Untraceable guns from kits are proliferating, but GOP still balks at reforms

St. Louis Post-Dispatch editorial board (TNS)

President Joe Biden’s call to crack down on “ghost guns” — weapons with no serial numbers that are made from kits or 3D printers — should be the easiest lift imaginable. With violent crime being such a top issue with most Americans, how is it possible that any sitting politician of any party favors the proliferation of untraceable guns? And how exactly does that work with the GOP’s “law and order” mantra?

Throughout modern times, there has been some degree of tension between the competing interests of the right to bear arms and the right of society to protect itself from gun violence. But it’s only been relatively recently that so many elected Republicans have adopted an absolutist attitude against any form of gun restrictions. That unconditional stance isn’t inherent in the Second Amendment, which literally specifies a condition for the right (the necessity of a “well regulated militia”).

Even the late Justice Antonin Scalia, patron saint of the modern gun movement, wrote in his landmark opinion confirming individual gun-ownership rights in District of Columbia v. Heller (2008) that, “Like most rights, the right secured by the Second Amendment is not unlimited.” That right, Scalia noted, is “not a right to keep and carry any weapon whatsoever in any manner whatsoever and for whatever purpose.”


At San Diego Police Department headquarters on July 14, 2021, in San Diego, officers presented a ghost hand gun that was recently confiscated. (Nelvin C. Cepeda/San Diego Union-Tribune/TNS)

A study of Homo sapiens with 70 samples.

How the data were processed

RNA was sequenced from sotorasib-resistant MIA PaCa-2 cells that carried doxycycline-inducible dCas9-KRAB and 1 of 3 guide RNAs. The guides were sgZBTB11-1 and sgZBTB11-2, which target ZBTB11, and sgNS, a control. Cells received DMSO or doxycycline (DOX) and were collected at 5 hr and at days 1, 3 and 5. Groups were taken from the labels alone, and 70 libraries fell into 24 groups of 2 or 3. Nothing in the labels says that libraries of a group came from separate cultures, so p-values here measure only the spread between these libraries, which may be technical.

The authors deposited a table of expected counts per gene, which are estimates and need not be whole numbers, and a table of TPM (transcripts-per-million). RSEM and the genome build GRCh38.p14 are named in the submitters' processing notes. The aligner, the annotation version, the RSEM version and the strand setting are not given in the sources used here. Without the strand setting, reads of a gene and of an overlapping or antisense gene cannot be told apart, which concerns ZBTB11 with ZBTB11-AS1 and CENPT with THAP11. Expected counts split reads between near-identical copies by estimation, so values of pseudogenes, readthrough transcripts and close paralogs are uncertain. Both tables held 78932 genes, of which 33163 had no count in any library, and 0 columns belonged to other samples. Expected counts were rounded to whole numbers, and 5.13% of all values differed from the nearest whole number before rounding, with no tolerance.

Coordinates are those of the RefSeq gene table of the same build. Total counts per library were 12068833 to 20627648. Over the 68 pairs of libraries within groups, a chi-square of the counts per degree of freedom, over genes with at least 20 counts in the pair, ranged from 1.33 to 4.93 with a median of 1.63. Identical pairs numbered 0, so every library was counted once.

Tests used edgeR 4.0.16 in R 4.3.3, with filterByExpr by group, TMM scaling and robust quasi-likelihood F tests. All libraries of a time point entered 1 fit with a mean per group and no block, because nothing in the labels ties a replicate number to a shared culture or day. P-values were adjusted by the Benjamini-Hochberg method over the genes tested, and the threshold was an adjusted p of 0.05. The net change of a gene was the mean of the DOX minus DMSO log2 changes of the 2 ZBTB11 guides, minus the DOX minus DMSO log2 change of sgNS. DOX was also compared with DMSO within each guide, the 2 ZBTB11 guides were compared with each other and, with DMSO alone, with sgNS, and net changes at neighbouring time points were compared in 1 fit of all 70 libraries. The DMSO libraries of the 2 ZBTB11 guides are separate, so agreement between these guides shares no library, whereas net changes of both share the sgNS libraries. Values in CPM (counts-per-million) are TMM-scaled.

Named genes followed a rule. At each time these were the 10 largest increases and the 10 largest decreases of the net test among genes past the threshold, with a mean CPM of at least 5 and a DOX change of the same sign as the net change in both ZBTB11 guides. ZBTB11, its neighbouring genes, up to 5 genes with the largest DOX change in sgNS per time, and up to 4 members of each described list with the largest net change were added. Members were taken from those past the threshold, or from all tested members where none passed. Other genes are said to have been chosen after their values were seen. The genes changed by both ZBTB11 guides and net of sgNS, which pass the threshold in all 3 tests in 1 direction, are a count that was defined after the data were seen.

No wonder untraceable guns are getting so popular with criminals. According to the Justice Department, there were 1,750 ghost guns recovered from crime scenes nationally in 2016, but that number had jumped to 8,712 by 2020. By some estimates, between one-quarter and half of all violent crimes committed in California alone are committed with ghost guns.

There are ongoing efforts in Congress to require that those who sell kits for homemade guns must include serial numbers on the parts just as they would to sell finished guns, and that those who buy them must register them. With Republican opposition so fervent in Congress, the Biden administration is also looking at creating such regulations by regulatory rule through the Bureau of Alcohol, Tobacco, Arms and Explosives.

The fact that this is such a hot debate only spotlights how irrational the gun lobby and its Republican water-carriers have become on this issue. Republicans who are truly interested in protecting law-abiding citizens from violent criminals should consider what’s more important: bringing these rapidly proliferating weapons under the same long-standing federal rules that have applied to other guns — or pandering to the extremists in the base at, literally, the cost of lives.

— From the St. Louis Post-Dispatch editorial board (TNS).